Of course, the main concern is performance. For testing I’ve compared the Flash Voyager GT with the Kingston 1GB DataTraveler ReadyFlash and a generic 2GB memory key of which there are many in the TR office.
For testing I began by testing ReadyBoost performance using PC Mark 05’s HDD Tests on a laptop running Vista with an Intel Core Duo T2500, 2GB RAM and a 120GB hard drive. Tests were conducted three times with no ReadyBoost, and then three times with 1GB of ReadyBoost with each USB key. The system was restarted before each new test, and an average was taken from the three results.
The control score, with no ReadyBoost, was 2948. With 1GB of ReadyBoost the Kingston came out on top with an average of 4014, but second was the Generic flash drive with 3920 while the Corsair Flash Voyager trailed with a modest 3345. To say the results were puzzling is putting it mildly, and resulted in no small amount of head scratching and frustration. Having run the tests with the same results each time two theories came to light; either the Voyager GT has lower access times or Vista simply didn’t like it for some unknown reason.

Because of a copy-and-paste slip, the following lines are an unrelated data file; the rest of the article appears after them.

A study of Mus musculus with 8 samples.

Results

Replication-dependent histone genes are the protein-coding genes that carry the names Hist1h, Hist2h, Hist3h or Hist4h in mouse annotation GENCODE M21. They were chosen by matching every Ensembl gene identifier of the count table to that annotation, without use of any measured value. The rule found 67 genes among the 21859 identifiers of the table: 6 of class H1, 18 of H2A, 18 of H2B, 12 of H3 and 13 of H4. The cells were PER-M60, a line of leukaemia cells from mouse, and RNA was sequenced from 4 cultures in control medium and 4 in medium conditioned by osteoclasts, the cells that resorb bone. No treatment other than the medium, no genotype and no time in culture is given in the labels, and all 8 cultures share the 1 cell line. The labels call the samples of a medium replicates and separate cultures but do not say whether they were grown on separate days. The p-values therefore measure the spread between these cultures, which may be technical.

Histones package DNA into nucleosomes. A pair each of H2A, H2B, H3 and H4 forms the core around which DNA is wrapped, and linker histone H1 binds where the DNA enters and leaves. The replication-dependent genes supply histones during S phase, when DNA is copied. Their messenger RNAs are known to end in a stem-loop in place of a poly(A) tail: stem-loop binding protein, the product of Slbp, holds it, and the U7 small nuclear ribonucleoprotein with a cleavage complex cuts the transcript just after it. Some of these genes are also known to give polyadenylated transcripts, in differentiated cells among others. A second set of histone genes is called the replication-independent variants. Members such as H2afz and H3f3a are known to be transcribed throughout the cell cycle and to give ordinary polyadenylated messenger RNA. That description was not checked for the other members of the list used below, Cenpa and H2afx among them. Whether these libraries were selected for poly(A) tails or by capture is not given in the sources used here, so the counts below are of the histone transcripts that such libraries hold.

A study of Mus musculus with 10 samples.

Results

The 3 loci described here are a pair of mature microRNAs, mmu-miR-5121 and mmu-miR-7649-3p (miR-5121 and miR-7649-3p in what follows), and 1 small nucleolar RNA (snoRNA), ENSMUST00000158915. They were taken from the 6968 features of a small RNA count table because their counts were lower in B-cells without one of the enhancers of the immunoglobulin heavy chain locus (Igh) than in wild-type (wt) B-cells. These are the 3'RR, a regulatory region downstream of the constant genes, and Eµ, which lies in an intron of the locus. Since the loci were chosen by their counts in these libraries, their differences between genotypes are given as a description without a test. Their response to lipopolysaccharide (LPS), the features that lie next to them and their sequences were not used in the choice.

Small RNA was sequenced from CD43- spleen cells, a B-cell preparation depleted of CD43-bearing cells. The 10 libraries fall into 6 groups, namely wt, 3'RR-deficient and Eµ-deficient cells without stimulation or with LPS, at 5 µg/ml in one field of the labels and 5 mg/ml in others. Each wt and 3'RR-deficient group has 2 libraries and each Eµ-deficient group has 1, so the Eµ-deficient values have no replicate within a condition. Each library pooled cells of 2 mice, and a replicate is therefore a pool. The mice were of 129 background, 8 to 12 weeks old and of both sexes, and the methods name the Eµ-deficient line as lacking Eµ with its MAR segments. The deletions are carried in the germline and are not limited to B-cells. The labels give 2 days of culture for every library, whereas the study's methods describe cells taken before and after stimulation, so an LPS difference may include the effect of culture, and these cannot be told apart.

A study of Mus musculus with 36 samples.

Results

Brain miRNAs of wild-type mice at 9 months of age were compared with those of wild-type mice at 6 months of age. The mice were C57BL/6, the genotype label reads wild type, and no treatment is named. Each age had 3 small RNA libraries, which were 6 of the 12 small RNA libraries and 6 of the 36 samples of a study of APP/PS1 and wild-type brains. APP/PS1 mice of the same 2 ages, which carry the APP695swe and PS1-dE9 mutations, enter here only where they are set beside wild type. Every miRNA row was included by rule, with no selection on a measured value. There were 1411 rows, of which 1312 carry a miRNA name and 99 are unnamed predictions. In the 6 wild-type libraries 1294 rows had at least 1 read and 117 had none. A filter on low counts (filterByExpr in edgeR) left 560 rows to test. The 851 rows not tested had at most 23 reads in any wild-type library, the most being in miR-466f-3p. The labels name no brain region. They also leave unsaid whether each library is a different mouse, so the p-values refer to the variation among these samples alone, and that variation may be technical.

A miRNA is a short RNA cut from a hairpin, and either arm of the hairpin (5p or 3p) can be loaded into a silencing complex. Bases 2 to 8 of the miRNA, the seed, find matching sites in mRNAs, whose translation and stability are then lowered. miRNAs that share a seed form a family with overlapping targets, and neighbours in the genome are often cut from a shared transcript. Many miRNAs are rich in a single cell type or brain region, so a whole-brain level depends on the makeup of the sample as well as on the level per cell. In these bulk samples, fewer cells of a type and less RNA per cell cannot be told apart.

This does tally too, because of all the drives the Corsair was the only one to fail to initialise properly during boot-up. Whether this is a problem with the device drivers, or with Vista, is difficult to determine but to check on the access times I ran HD Tach 3.0, a synthetic benchmarking tool for testing hard drives and flash memory.
The tests showed that the Voyager GT certainly doesn’t have a problem with access times, with an excellent 1.1ms random access time while the Kingston trailed with 1.6ms and the generic drive with 2.1ms. In which case one can only surmise that the ReadyBoost tests are an anomaly, so it’s best not to read too much into them other than to say the Voyager GT may have an issue with Vista – or vice versa.